Pendleton Round-Up Brings Old West Nostalgia To Eastern Oregon


The crowds in town for Round-Up events have peaked at 50,000 people in years past, tripling the population of Pendleton.

The rodeo opened with royalty at a dead gallop. Four Pendleton Round-Up princesses and a queen tore around a grass arena that draws tens of thousands to Eastern Oregon every year.

This man had competition on the corner selling tickets to the rodeo on opening day.

This man had competition on the corner selling tickets to the rodeo on opening day.

Emily Cureton/OPB

The announcer’s voice boomed through the stands: “Welcome to the Pendleton Round-Up!”

Then he revved up the crowd with a longstanding motto: “Let ‘er buck, boys! Let ‘er buck!”

The call was met with a chorus of shouts. Bareback bronc riding was the first of many events to draw about 700 competitors across four days of showmanship and competition for about $500,000 in prize money.

A cowboy gets ready to let er’ buck as the pick up riders drive the last rider’s horse away from the chutes.

A cowboy gets ready to let er’ buck as the pick up riders drive the last rider’s horse away from the chutes.

Emily Cureton/OPB

More than 1,000 volunteers pitch in to run the rodeo with a small staff. It’s a real family effort, said Randy Thomas. He serves on the Round-Up’s board of directors, and said he hasn’t missed a Round-Up since 1960.

“I grew up in Portland and I came here on purpose, because I really loved the rodeo and I loved the lifestyle here,” said Thomas.

Trick roper Rider Kiesner nonchalantly twirls a lasso around himself as he rehearses for opening night of the Happy Canyon show at the Pendleton Round-up.

Trick roper Rider Kiesner nonchalantly twirls a lasso around himself as he rehearses for opening night of the Happy Canyon show at the Pendleton Round-up.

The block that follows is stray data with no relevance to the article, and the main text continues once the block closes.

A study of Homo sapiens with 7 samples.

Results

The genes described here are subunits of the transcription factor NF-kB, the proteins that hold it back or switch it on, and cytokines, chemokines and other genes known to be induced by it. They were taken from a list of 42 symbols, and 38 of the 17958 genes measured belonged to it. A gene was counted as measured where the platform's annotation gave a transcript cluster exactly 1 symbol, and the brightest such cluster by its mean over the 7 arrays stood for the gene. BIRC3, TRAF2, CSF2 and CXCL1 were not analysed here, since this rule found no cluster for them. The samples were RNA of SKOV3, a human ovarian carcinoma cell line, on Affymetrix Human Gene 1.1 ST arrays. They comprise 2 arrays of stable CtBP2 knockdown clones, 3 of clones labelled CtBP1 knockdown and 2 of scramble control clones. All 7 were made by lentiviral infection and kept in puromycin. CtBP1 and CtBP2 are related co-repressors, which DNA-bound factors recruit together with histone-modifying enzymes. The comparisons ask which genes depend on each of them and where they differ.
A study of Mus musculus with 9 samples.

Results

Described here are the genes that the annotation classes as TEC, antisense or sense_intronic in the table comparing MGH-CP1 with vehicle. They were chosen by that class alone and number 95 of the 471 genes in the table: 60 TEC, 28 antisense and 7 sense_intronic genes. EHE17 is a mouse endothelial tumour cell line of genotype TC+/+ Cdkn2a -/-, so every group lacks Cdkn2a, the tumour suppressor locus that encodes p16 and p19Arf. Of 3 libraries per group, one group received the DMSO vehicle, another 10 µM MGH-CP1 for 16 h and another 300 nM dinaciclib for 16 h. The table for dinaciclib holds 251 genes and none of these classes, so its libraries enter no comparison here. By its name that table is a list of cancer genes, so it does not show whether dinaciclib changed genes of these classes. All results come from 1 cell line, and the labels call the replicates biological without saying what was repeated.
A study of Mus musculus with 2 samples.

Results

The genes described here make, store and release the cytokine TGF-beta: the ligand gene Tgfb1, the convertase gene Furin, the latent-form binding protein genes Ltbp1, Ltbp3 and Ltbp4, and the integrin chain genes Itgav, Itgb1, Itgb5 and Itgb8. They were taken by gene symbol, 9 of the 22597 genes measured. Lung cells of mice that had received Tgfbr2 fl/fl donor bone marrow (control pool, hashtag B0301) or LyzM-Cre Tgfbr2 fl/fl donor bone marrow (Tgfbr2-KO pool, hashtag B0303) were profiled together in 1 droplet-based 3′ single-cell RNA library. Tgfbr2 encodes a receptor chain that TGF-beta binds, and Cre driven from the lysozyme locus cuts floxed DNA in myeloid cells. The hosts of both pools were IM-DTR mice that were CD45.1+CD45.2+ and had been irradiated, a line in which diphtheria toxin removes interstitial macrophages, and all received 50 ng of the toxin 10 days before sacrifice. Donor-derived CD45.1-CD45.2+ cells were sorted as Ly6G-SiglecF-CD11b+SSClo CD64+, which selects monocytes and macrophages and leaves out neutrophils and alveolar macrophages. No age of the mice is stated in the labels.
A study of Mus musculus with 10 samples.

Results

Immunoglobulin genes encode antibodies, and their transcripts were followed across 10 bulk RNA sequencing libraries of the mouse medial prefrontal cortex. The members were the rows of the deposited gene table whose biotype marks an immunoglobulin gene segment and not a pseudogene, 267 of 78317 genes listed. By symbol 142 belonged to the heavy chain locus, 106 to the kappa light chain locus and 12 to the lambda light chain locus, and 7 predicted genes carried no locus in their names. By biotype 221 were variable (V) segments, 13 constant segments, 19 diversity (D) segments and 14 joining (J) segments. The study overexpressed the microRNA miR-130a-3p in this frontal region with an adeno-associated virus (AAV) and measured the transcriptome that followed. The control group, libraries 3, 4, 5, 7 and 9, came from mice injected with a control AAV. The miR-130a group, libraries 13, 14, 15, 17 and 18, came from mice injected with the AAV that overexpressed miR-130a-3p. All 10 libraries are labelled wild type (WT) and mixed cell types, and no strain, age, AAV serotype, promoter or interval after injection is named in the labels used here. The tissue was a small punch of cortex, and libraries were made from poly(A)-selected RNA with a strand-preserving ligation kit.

Emily Cureton/OPB

That was 40 years ago. Now, Portlanders often ask him a quintessential, urbanite-to-ruralite question: ‘What do you guys even do here?’

“And it’s just generally the wrong question,” Thomas laughed. “The question in Pendleton is: ‘Who are you going to be with?’ It’s never about what you’re going to do if you’re with the people you love, and you’re with family.”

The crowd at opening day of the Pendleton Round-up rodeo.

The crowd at opening day of the Pendleton Round-up rodeo.

Emily Cureton/OPB

This week, the families of Pendleton swell, and there’s no shortage of things to do together.

“More people come in my family for round-up, than they do for Christmas,” said Charla Simons. The 20-year-old grew up in Pendleton, and is a Round-Up princess this year.

Charla Simons says it’s been a lifelong dream to be a rodeo princess: “It was something I always wanted to do, but didn’t seem possible.”    

Charla Simons says it’s been a lifelong dream to be a rodeo princess: “It was something I always wanted to do, but didn’t seem possible.”    

Emily Cureton/OPB

The crowds in town for Round-Up events have peaked at 50,000 people in years past, tripling the population of Pendleton. Downtown streets are closed to cars to make room for vendors, live music, and a horse parade.